To—Mark S. Rubin, St. Louis County Attorney:
When I heard about the story of Max Pelofske being charged with fifth degree assault and disorderly conduct for defending himself in the midst of a hate crime, my jaw almost hit the floor. Even more astounding was that a friend coming to his aid was also charged with a crime. What does this say about our legal system in Minnesota—that the victim of a crime motivated by bigotry and prejudice would be punished for merely standing up for his rights? This is not consistent with the values I have observed and come to associate with this state—fairness, decency and respect for the dignity of human life being just a few.
The law is supposed to protect citizens and punish those who step outside those boundaries. The only wrongdoers in this case are the young men who decided to let their hatred for Mr. Pelofske based solely on his sexual orientation drive them to attack him.
In the Book of Esther in the Jewish Tanakh, King Ahasuerus’ prime minister Haman is driven by his hatred of Mordechai, a Jew and cousin of Queen Esther, to kill not just him but all of the Jews in Persia. Haman convinces Ahasuerus to allow him to carry out this plot without either of them knowing that Esther is herself Jewish and therefore under the death sentence. Upon learning the truth about the plot, Ahasuerus has Haman hanged but cannot revoke his own decree. He does, however, allow the Jews to defend themselves against the decreed attacks, which they do, and the Jewish people are saved from being unjustly annihilated.
There are many in Minnesota—some in our legislature—who wish to do away with GLBT citizens in this state. They may not want to kill us, but they do want to take away our right to defend ourselves and to be protected against attacks on us based on our sexual orientation. They want to hand bullies of all ages the unassailable right to abuse and mistreat us with impunity. That is categorically wrong.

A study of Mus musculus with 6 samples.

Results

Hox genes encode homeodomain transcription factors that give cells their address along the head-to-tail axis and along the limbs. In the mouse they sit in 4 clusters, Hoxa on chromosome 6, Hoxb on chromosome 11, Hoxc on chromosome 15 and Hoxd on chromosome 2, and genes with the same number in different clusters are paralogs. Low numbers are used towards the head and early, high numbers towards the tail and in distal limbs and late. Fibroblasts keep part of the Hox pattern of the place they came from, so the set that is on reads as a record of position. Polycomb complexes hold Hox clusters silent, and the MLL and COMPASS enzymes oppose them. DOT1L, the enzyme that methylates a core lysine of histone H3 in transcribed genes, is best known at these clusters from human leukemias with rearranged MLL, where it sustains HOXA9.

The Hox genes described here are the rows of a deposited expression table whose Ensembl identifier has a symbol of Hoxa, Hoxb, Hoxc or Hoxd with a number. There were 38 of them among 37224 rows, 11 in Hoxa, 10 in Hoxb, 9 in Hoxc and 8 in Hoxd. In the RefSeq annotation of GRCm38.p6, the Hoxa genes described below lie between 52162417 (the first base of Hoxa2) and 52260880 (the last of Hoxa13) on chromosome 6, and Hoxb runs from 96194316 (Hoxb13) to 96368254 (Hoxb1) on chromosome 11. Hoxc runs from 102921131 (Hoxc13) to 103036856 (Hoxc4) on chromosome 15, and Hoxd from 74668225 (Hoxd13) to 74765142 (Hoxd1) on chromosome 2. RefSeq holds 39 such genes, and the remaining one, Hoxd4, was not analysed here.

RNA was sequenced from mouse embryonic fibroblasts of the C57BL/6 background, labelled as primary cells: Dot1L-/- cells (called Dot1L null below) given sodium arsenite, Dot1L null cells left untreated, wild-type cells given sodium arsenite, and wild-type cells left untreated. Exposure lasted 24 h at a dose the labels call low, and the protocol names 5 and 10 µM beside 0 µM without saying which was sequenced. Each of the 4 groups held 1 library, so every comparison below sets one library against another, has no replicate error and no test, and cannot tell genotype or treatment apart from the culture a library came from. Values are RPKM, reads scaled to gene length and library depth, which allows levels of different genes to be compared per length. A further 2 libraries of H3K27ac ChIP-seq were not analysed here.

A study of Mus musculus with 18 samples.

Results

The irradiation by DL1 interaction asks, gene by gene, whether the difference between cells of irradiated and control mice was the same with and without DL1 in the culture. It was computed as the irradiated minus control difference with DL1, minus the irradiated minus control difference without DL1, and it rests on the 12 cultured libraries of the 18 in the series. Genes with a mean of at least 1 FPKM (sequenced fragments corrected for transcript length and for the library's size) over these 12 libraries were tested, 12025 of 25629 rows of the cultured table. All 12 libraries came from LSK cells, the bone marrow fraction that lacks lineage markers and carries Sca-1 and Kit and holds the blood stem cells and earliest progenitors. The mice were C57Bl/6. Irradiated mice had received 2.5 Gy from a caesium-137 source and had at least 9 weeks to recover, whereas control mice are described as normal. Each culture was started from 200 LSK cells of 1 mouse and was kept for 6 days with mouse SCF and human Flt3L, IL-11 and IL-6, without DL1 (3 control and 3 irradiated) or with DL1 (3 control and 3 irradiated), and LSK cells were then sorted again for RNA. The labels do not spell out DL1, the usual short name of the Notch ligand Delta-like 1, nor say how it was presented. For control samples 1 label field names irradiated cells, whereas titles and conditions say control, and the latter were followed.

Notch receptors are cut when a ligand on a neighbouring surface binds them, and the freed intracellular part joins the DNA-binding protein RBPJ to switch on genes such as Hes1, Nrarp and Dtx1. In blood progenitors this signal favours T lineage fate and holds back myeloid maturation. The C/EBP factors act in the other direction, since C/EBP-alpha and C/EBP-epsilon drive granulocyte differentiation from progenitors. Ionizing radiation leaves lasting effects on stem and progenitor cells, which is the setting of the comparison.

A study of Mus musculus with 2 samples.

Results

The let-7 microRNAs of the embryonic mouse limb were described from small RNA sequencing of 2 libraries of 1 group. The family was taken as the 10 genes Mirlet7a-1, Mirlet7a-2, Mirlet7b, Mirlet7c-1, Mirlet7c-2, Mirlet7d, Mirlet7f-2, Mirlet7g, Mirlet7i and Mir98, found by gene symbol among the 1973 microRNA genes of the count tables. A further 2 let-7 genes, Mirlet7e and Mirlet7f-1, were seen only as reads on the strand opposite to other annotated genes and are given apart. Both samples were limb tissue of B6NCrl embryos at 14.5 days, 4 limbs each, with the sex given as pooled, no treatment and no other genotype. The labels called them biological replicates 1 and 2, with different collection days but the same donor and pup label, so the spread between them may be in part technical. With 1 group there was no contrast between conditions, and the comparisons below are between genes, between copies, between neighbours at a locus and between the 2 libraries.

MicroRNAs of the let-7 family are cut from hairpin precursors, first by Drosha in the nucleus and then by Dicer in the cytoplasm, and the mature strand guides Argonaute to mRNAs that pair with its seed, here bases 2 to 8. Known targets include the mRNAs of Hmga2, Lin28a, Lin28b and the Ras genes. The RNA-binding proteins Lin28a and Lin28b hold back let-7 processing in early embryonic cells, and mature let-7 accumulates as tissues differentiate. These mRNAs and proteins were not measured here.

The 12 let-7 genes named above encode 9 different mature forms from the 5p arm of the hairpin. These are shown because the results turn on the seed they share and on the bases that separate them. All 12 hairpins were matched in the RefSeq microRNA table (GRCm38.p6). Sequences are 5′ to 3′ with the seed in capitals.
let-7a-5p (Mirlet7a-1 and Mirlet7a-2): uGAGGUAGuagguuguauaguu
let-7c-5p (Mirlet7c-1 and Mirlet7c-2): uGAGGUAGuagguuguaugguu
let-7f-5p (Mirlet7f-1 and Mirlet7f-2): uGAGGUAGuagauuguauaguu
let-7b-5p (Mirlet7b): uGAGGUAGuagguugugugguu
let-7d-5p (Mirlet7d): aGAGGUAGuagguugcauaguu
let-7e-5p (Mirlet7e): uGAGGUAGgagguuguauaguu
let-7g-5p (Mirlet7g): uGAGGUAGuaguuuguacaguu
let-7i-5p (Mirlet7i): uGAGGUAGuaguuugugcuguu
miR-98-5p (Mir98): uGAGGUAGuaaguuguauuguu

If the incredulous charges against Max Pelofske and Kelly Johnson are allowed to stand, the bullies and the terrorists (for they are indeed terrorists) in this state have won, and the eyes of the nation are watching, looking to see how we handle civil rights in this state. GLBT teenagers are watching to see if their state is going to side with them or with their attackers. If the law won’t stand up for the rights of minorities and even goes so far as to take away the right to self-defense for (and the right of others to come to the defense of) GLBT individuals, then who will?
Thank you for listening, as I hope you’ll listen to everyone who has responded asking the St. Louis County Attorney’s Office to drop the charges, to side with human rights, and not apply the law unfairly and unjustly.
David Philip Norris
If you’d like to write your own letter to the St. Louis County Attorney’s Office to voice your support for equal treatment and protection of GLBT individuals under the law and ask for the county to drop the charges against these two people, you can do so at firstname.lastname@example.org. They are scheduled to appear in court August 23 and 30. (Please be respectful, to help ensure that the County Attorney takes this issue seriously.)